City of Cambridge Awarded State Grant to Combat Gang Recruitment

The City of Cambridge has been awarded over $32,000 as a part of the state government’s annual Shannon Grant awards to fight organized criminal activity across the state.

The award, which totaled $5.7 million statewide, was distributed to 15 neighborhoods and 11 research organizations across Massachusetts. Cambridge’s award was part of a larger award to the Metro Mayors Coalition, a network consisting of Cambridge and thirteen other areas in the Greater Boston area.

Though gang violence is not as prevalent in Cambridge itself as in other areas of the state, Cambridge’s border with several densely populated urban areas makes the issue of gang recruitment one that concerns the Cambridge Police Department.

“We do acknowledge that there are neighborhood or designated locations that at-risk youth primarily associate with or identify with as their territory,” Jeremy Warnick, spokesperson for CPD, said. “So that’s really how we would describe gang activity in Cambridge and more so in the greater area.”

Cambridge Police
Cambridge Police officers.
The city plans to use the grant money to stay one step ahead of gang recruitment and educate at-risk youth before they enter the juvenile justice system, as it is oftentimes difficult to get out of the system. As in past years, the police department will continue to cooperate with youth centers across the city. Additionally, the department plans to put a greater focus specifically on community arts centers.

“We’re being involved in the arts center’s teen media program, where they do everything from graffiti art to comic book design to DJ workshops,” Warnick said. “It’s the idea of keeping them distracted, keeping them busy, avoiding potentially engaging in any potential activity that may be detrimental to them and others.”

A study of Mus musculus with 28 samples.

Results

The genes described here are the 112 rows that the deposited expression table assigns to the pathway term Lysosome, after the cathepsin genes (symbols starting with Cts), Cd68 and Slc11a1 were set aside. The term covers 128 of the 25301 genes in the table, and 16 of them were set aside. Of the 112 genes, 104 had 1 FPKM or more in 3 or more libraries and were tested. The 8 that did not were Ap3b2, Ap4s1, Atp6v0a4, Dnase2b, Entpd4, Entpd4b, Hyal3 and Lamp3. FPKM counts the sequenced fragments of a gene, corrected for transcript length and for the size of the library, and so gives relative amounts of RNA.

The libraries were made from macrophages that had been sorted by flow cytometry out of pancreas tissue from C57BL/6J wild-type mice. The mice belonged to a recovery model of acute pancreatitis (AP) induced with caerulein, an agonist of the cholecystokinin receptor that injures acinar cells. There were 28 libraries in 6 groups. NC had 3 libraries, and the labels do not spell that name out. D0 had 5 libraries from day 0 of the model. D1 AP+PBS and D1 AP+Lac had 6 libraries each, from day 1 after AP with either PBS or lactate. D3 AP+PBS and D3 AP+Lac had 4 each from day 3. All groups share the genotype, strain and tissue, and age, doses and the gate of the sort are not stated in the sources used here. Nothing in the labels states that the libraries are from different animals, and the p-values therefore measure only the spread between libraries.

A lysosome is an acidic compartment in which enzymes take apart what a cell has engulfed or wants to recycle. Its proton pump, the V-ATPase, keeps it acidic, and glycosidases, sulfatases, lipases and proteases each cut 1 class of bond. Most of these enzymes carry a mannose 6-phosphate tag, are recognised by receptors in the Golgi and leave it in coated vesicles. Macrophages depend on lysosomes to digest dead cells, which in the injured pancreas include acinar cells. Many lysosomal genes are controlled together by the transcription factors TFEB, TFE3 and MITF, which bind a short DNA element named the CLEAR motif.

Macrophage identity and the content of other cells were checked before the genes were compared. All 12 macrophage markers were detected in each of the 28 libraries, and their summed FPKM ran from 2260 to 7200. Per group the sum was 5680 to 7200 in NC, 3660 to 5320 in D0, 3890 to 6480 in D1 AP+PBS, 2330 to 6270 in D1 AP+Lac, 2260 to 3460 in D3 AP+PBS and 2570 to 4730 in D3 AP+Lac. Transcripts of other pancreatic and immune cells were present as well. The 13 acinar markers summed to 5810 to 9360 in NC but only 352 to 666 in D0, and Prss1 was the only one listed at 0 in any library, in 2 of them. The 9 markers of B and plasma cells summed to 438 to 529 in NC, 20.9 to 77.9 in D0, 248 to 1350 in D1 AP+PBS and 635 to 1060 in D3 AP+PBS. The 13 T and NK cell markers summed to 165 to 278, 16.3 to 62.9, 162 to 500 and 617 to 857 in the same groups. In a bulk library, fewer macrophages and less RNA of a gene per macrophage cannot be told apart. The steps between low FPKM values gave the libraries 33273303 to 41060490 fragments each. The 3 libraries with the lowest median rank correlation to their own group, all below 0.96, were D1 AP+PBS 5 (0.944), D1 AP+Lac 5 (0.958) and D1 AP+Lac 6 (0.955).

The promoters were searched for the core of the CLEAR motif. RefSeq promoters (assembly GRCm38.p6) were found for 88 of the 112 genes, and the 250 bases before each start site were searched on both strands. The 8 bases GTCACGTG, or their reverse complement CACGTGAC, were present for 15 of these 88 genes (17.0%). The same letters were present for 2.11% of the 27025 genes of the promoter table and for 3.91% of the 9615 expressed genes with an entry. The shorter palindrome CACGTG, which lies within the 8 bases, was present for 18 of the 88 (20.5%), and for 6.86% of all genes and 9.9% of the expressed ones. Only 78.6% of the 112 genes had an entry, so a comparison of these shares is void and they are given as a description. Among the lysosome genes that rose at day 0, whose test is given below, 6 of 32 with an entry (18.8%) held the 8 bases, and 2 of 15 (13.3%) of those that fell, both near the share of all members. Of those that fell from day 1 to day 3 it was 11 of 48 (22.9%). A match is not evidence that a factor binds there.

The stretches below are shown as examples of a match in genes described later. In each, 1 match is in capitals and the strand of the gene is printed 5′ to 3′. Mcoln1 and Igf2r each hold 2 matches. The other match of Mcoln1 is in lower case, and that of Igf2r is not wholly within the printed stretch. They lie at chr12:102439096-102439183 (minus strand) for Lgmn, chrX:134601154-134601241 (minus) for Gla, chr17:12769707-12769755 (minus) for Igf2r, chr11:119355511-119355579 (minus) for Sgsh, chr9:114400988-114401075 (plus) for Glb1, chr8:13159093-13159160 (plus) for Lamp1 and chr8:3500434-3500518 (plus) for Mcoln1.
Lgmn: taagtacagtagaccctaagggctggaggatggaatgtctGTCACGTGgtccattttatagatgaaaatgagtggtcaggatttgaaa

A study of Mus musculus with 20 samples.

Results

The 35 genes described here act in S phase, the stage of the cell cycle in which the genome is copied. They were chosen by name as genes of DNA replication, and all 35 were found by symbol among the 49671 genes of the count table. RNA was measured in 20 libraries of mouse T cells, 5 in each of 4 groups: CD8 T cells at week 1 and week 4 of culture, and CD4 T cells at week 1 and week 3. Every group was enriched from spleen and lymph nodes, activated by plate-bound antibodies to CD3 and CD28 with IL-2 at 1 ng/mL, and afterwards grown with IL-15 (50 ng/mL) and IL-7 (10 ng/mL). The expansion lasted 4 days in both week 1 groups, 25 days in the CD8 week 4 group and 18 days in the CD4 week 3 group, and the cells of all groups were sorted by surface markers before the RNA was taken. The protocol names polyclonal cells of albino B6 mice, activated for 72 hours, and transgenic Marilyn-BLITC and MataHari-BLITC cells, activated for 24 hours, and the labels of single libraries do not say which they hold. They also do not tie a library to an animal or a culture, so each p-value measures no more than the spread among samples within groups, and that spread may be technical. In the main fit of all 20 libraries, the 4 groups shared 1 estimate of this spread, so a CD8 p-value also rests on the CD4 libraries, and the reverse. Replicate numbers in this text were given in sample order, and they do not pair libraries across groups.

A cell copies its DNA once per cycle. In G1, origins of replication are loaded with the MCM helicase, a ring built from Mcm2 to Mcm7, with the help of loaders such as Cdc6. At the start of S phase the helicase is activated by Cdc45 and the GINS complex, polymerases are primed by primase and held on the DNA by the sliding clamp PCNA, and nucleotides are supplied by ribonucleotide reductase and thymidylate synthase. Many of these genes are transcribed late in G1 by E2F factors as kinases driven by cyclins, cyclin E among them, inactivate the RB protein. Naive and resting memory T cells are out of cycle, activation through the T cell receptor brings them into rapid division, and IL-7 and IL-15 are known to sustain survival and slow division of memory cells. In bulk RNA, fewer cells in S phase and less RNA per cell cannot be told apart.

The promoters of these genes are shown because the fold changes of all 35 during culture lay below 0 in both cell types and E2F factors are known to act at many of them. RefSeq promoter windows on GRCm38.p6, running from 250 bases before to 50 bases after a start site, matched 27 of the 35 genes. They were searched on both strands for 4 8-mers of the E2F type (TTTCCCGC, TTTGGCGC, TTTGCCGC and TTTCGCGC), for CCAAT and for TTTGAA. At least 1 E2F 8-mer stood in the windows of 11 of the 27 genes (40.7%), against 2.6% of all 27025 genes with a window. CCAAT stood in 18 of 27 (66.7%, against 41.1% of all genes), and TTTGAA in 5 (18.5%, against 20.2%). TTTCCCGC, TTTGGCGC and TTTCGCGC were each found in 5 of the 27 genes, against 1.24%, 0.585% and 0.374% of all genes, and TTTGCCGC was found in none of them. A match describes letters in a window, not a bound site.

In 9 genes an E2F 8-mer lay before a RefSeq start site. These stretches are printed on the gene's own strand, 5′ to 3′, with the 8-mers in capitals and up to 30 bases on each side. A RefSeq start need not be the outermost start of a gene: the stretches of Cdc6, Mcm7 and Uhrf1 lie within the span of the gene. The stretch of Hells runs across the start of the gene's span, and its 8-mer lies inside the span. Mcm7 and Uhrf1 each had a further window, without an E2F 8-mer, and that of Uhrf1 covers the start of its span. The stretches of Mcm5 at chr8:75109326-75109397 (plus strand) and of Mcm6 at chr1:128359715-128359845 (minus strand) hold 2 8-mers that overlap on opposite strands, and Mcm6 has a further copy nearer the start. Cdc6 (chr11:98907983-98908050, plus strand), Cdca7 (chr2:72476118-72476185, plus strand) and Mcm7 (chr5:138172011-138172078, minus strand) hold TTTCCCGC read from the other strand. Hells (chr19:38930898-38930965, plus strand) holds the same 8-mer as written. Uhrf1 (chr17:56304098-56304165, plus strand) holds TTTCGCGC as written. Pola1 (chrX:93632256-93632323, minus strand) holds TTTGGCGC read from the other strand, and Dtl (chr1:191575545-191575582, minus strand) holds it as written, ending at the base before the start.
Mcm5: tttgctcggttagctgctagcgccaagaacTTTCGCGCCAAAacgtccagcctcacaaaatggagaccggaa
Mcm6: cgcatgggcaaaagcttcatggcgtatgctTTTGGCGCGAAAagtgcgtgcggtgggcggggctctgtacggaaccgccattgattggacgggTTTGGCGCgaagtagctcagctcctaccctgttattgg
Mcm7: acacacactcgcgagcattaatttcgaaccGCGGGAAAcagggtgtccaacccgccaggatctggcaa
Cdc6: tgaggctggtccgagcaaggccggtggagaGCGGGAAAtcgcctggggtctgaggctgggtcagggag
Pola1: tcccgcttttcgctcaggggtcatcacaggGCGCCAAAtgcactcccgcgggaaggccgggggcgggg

In addition to the youth programs, the police department also plans to use the grant to support their Hot Spot Patrol program. This unit evaluates data from the department to analyze where crime may be more prevalent.

According to the most recent Cambridge Police Annual Crime Report, roughly 21 percent of juvenile arrests in Cambridge occurred in the five neighborhoods that Harvard occupies. The Mid-Cambridge neighborhood—which encompasses Harvard Yard, parts of Central Square, and the Cambridge Rindge and Latin School—accounts for five percent of juvenile arrests. The largest percentage of juvenile arrests, 44 percent, occurred in East Cambridge, just north of MIT campus.

Around Harvard, organized crime has not traditionally been seen as prevalent as in other areas in Boston. According to Warnick, most of the crime seen around campus consists of petty larceny or theft. Earlier this semester, laptops and other valuables were stolen from dorm rooms in Lowell House.

—Staff writer Michael E. Xie can be reached at michael.xie@thecrimson.com. Follow him on Twitter @MichaelEXie1.